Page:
THINKING ALOUD: Tips to the new minister on how to reduce accidents

Thursday July 19 2018

Professor Zulfiqarali Premji

Professor Zulfiqarali Premji 

In the past few months, I have written three articles on the epidemic of motor traffic accidents (MTAs).

Apart from the increased mortality, those who are injured become disabled perhaps for the rest of their lives and lead an extremely poor quality of life, thus my deep concern about this topic.

Had the previous minster read those articles at least he would be better informed of why MTAs have increased so drastically.

But first, sincere congratulations Minister Kangi Lugola, I wish you well in your new position. It seems that you have started on the right footing by taking action against the regional and district leadership responsible for road safety.

I also agree with you about disbanding the road safety committees, they were nothing but a parody.

The most important issue to solve this menace and national disaster is first to have a correct diagnosis, WHAT IS THE PRIMARY REASON FOR MTAs. Once you know the reason it becomes easier to treat the problem.

Honourable minister, take it or leave it, the primary reason for MTAs is corruption in the traffic force. If you can eliminate corruption which has grown deep roots MTAs will decrease by almost 90 per cent.

How you will do this I leave it to your best judgment.

It is logical and I expect at this juncture readers will ask where is the evidence that corruption causes MTAs.

The given reasons for recent accidents that have claimed many lives include speeding, brake-failure and drivers unable to control the vehicle. Seems alcohol intake has not been measured but it could also be a reason.

All these reasons are part of breaking the law and should have been detected before the occurrence of these accidents. Why was there failure in the detection?

In these accidents were the licenses of the drivers checked and scrutinized? One can have a valid authentic license but it was obtained by paying something extra hence proper testing was waived off, it’s this sort of drivers who are incompetent and they are many on the road.

One wonders how a passenger bus that departs from Arusha at 7 am is seen by noon in Dar. With all this speed limits and all the traffic stops but still these buses travel at speeds between 120 to 140 kph and they ply with impunity.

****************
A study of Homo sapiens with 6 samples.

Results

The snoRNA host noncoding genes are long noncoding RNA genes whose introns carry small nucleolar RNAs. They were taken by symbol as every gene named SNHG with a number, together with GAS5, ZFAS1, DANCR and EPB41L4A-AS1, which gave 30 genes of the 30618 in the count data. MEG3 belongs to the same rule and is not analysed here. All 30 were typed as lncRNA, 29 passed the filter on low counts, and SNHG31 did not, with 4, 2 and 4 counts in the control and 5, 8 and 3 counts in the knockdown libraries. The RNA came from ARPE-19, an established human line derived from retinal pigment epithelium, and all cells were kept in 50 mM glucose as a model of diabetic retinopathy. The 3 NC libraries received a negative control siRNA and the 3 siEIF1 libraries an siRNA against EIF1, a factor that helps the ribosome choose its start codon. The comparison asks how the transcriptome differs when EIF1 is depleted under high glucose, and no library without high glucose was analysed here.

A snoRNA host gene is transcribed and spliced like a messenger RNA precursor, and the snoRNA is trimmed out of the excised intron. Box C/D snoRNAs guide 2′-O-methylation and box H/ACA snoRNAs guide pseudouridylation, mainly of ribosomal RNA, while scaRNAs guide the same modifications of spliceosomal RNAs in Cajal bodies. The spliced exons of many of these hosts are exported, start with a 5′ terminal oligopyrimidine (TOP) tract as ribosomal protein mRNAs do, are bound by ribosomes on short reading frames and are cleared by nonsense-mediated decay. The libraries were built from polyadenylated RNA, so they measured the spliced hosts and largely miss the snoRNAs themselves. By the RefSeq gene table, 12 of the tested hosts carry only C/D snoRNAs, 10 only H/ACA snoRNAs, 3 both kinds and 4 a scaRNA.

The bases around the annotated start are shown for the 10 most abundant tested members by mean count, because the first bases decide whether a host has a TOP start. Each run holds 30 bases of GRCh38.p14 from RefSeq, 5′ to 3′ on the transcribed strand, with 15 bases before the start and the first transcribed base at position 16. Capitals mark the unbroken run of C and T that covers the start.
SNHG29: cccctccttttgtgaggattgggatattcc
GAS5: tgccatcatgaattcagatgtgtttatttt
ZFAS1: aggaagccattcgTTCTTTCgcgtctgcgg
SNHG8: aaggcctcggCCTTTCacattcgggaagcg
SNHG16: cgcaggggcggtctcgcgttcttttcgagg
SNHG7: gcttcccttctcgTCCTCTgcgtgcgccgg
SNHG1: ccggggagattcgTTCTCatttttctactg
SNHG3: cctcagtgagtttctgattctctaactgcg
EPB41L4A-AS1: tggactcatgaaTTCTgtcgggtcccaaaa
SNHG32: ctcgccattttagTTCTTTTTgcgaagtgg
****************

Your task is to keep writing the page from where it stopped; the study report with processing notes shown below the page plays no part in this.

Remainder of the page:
As if they have been licensed to travel at that speed while the rest of the private vehicles are subject to speed limits. When these buses pass traffic barriers they are not stopped and visibly a small envelope is thrown out of the window, which traffic officers retrieve. At Sh2,000 per envelop, assuming 200 buses that pass and there are about 18 stops, everyday 7.2 million shillings exchange hands in the form of corruption.

Do not take this challenge lightly because there is per year a multi-billion-corruption industry in operation.

Honorable Minister, lets be honest about this, who in Tanzania does not know that controlling speed by using the radar gun along the highway will never have any impact on accidents except collection of revenue mostly from private cars.

There is an unwritten, unspoken sign language used by drivers to inform incoming vehicles that there is a traffic police stop and all vehicles are aware of this ahead of a few kilometers except maybe visitors. I am sure you and the rest of the leadership are aware of this language. So the vehicles slow down but in between such stops there is freedom to speed up.

The goal of the traffic force is to harass, hassle and bully the law-abiding citizens especially the city dwellers.

As an illustration a mother is taking her children to school or going to the market-she cannot speed because of long queues, she has properly belted but still she will be stopped, harassed, fined or asked for money without receipt. Fatal accidents happen on the highway killing many people but here are the traffic officers wasting time and resources to harass and bully innocent citizens.

So is the goal to prevent accidents or cause inconveniences, hassles and undue, undignified stresses or have extra income or is it to increase government revenue. I leave the reader to have his or her own inference.

The numerous safety weeks that requires a farce sticker is another mockery and a photo session for the traffic force. It has no impact on accident reduction albeit it maybe promoting accidents for obvious reasons-the stickers are on sale and vehicles are not inspected for roadworthiness. The recent vehicle inspection lead by your deputy (surprised that the axe did not include him) and which I wrote about in May-2018, can anyone explain how successful it has been to reduce accidents?

Honorable Minister corruption is like rape, it takes place in secrecy and through intimidation. Appoint officers in leadership positions who hate and are allergic to corruption and accidents will go down.

Select effective strategies not measures that create more fertile grounds for corruption. Locking up drivers for traffic offences will create a greener pasture for more corruption and more accidents.

Unfortunately and sadly, in Tanzania the combination of a low enforcement level, frequent corruption of traffic police officers, and low public awareness dooms any traffic regulation, including speed control, to failure. I sincerely wish you success.